Social Media History

Before social media, almost everyone relied on the major media for news. What they saw on television and in the movies, or heard on the radio, or read in magazines and newspapers became their reality.

Few realize how much major media conditions what we believe –
or know how few companies control almost all of what we see.

The early Internet allowed the minority with strong research skills to find information that rarely ever came to light elsewhere. They could share it via email with others or build a site that others who knew where to look could find it – but most people would still never see it.

Social media changed all that because through social networks, alternative viewpoints now reach a wider audience and can easily be spread to friends, family, co-workers and even strangers – all with the click of a mouse.

Even more importantly, when someone you know shares a
new idea it is far more likely to be given serous consideration.

The social implications of this worldwide sharing of alternative viewpoints are immeasurable! Those who use social media have opportunities we have never had before.

How the Internet is Changing the World:

Social Media Changes:

  • Even those who think they don’t use the Internet are or will be – because what they access on their smart phone IS the Internet. There is HUGE growth in apps for smart phones.
  • People who never interacted with anyone outside their neighborhood may now have friends around the world.
  • Awareness of issues the media never covers has grown astronomically.

Ironically, connecting online has taught us what
we are missing in life: relationships and community!

How are YOU Using Social Media?

Are you supporting causes or sharing your favorite local businesses? Do you have plans to make the world a better place? Make a living? Create deeper relationships? Keep in touch with friends and family?

Tell us in the comments. We want to hear from you.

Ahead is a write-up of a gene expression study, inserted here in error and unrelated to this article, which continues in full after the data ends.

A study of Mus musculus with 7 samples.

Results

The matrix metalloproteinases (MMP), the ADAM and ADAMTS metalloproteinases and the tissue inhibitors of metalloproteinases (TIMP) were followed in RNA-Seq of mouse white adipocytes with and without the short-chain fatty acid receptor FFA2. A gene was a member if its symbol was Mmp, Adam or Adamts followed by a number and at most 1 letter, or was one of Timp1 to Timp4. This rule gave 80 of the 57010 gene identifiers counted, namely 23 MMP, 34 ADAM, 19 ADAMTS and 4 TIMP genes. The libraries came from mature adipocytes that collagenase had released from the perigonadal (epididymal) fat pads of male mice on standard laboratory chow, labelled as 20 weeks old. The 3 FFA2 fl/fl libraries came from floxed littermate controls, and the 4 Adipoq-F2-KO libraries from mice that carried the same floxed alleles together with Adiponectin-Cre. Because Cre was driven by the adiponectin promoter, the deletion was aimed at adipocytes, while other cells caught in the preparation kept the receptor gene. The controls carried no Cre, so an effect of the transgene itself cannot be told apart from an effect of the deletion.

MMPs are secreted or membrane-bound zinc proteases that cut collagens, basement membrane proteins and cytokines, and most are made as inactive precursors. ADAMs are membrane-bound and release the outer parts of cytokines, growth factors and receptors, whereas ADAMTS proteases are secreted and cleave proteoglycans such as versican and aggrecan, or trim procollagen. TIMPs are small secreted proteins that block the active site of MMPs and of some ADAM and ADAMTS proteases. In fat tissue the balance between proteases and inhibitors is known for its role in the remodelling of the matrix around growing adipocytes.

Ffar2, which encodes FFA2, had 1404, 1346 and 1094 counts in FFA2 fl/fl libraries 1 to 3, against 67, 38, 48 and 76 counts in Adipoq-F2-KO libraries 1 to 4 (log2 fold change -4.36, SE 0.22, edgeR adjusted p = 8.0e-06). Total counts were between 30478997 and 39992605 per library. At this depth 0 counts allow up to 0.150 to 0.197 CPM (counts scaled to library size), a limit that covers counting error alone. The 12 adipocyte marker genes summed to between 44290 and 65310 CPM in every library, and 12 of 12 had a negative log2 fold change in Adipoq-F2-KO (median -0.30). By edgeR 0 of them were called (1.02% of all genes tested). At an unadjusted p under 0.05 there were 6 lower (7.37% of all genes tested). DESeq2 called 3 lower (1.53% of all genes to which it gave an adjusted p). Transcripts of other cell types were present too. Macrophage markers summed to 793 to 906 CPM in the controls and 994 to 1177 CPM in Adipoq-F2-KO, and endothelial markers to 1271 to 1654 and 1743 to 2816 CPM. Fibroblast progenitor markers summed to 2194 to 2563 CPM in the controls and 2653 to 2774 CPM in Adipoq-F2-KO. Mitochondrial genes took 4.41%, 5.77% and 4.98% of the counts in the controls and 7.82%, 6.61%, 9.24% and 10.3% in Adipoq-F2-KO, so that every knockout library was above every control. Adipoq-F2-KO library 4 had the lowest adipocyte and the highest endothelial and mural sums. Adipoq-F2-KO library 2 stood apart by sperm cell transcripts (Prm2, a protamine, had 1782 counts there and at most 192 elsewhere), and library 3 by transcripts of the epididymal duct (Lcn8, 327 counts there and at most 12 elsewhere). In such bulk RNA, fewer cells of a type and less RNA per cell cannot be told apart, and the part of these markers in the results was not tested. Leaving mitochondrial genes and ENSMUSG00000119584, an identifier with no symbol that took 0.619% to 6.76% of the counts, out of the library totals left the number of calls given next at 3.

1. I am going to give a presentation in English class which is about the influence of social media… And i find it difficult to find some data to support me. Could u help with it ?
    Thanks a lot …Looking forward to ya

    • Yangyi, if you start with some basic thoughts on how social media influences or impacts the world, you should be able to find stats pretty easily. Your topic just sounds a bit too broad right now. For example, you might look at the role social media played in recent elections around the world and search for statistics by country. Or you might look at the role social media played in spreading news and gathering donations during recent natural disasters. I think if you narrow down your focus to a few key points that you want to make, you’ll have an easier time finding data to support your claims. 🙂

    • Thanks for replying, Jennifer. Somehow I didn’t see this comment until now. Yangi, if you haven’t given your presentation already I can help you out with statistics. I have access to and thousands of saved links and notes.

      Jennifer gave you some excellent advice to choose something specific that benefited from social media. Examples are the best way to explain the impact and find supporting documentation. Here are some other ideas: elections, Hurricane Sandy, the war in Gaza, the Occupy Movement, or the use of social media for crowdfunding (to raise money for individuals, good causes, or business startups) using sites like IndieGoGo and Kickstarter).

      A related topic would be how bloggers use social media to spread important news or raise awareness. That is true both for major sites with many writers and independent blogs.

      • That last bit is an excellent point. These days social media can break stories faster than traditional news sources (like citizens tweeting about civic unrest or people sharing photos via social media as major news is unfolding). That certainly has it’s good side. But it can also negatively impact the way news is reported overall by substituting well-researched news stories for instant gratification. The reality often falls somewhere in the middle.

        • Yes, there have been some major inaccuracies that have gone viral. Some were intentionally created by individuals and got past the largest blogs which are often in a hurry to be first to cover something new. Verifying is critical – not always so easily done but critical.

          That said, the major media is tightly controlled regarding what they are allowed to report and frequently very biased in their reporting. Without independent bloggers the truth about what is going on in the world would be much harder to get out.

          It is up to serious bloggers to be as accurate as humanly possible and to be wise. Major social networks often censor what we share and few will ever be the wiser – so we have to be even more clever if we want our messages to be seen. I wrote about that issue in these posts:

          When sharing we need to verify where our tweets and shares are visible and to whom by using secondary accounts and searching. Often we can see our content or find it using search, but no one else can. If that happens, be creative. Change the words. Omit what is being censored. Stop using the hashtag on Twitter that is being blocked. And keep sharing what is important.